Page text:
Any wise investor knows the basic principle of investment: buy low, sell high. However, investors often ignore this rule, as they get swept up in prevailing market sentiment.
When markets have stormed ahead, sentiment is positive and people are more likely to invest as they don’t want to miss out on further gains. Conversely, when markets have performed poorly, sentiment is negative and people are more likely to head for the exit due to fear of clocking up further losses.
People make too many irrational investment decisions, which are based on either greed or fear. The result is that many people invest at
the top of the market and withdraw their money at the bottom, having a thoroughly miserable experience of investing along the way.
Waiting for markets to turn the corner could mean you’ll miss the boat. Equity markets look ahead of the economy and bad news is
factored in early on. In trying to avoid losses in the short-term, investors may well miss out on the significant rebound of the market and
end up being behind the curve for any recovery.
Stocks that have gone up recently, especially those with a lot of press, often attract even more buyers. This obviously drives the price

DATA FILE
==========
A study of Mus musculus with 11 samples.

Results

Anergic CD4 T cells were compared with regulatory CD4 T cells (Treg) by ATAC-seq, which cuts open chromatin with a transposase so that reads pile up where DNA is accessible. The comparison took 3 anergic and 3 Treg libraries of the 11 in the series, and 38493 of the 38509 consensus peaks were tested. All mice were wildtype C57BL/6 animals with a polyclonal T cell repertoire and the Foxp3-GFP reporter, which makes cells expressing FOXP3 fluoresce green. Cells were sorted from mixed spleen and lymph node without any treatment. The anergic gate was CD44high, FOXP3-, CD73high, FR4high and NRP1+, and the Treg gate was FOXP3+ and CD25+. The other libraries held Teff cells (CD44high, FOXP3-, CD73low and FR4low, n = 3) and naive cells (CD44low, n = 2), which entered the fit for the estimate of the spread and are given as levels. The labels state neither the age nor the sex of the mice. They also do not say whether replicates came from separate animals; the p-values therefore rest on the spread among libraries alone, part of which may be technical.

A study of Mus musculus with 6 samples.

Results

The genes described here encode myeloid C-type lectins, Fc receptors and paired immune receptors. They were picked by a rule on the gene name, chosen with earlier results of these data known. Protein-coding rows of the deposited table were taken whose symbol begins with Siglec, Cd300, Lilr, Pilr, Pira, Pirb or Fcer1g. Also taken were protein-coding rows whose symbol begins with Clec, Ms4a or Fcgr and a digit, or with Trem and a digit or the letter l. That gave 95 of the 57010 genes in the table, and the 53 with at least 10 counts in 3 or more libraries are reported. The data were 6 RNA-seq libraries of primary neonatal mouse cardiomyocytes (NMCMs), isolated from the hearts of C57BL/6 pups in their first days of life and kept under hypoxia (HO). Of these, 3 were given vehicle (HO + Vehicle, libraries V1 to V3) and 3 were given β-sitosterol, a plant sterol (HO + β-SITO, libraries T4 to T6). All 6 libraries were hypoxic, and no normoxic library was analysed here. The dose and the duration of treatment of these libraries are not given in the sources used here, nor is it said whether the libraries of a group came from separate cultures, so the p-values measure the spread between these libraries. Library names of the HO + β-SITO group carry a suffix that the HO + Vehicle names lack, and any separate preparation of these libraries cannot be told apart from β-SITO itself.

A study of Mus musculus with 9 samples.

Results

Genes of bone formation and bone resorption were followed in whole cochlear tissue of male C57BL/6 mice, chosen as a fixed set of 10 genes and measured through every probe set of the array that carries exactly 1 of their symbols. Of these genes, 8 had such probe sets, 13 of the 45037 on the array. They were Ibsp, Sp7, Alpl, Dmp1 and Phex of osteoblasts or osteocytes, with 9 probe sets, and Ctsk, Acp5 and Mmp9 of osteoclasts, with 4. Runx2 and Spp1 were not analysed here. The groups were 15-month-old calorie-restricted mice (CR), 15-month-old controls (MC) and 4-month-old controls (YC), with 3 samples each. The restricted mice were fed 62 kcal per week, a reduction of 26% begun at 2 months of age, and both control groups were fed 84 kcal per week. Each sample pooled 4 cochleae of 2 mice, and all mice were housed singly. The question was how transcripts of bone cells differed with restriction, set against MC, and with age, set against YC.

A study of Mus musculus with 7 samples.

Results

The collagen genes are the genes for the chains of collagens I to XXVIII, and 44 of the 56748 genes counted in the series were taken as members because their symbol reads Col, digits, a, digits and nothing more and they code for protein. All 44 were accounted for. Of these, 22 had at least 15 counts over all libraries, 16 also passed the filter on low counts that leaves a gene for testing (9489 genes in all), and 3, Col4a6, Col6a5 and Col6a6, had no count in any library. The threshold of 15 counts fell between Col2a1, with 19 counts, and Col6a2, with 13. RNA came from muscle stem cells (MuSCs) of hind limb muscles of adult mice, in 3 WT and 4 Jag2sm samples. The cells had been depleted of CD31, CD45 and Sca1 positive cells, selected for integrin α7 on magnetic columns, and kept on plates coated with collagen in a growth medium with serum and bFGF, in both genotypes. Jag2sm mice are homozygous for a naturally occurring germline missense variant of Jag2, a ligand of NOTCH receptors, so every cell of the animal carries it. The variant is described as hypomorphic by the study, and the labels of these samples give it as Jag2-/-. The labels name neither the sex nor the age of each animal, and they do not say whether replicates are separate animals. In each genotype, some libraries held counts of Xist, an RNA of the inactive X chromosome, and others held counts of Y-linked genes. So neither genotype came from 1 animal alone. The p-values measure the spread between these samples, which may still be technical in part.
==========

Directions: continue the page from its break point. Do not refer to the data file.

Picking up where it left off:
up even higher. People get excited about what they read and see and want a part of the action. They jump into a stock that is already
trading at a premium – they buy high.
The other side of the market is when a stock has fallen; most investors may want to sell along with the rest of the market. If you go by
price alone, this can be a bad decision (sell low). There are many reasons a stock’s price drops and some of them have nothing to do
with the soundness of the investment. That’s why if you only follow price you may miss an opportunity.
Investors need to realise that emotional investing does not lead to wealth creation over the long run. Relying on emotions is a sure-shot
way to ‘buy high and sell low’. People tend to give into greed when they see everyone making money in a specific asset class, be it
stocks, gold, real estate or anything else.
If all you know about a stock is the price, you may (and likely will) make investing mistakes. Remember, if a stock has had a good run up it may be time to sell, not buy (sell high). Similarly, if a stock has dropped like a rock, it may be a good time to buy rather than sell (buy low). You won’t know what to do unless you understand a lot more about the company than its stock price.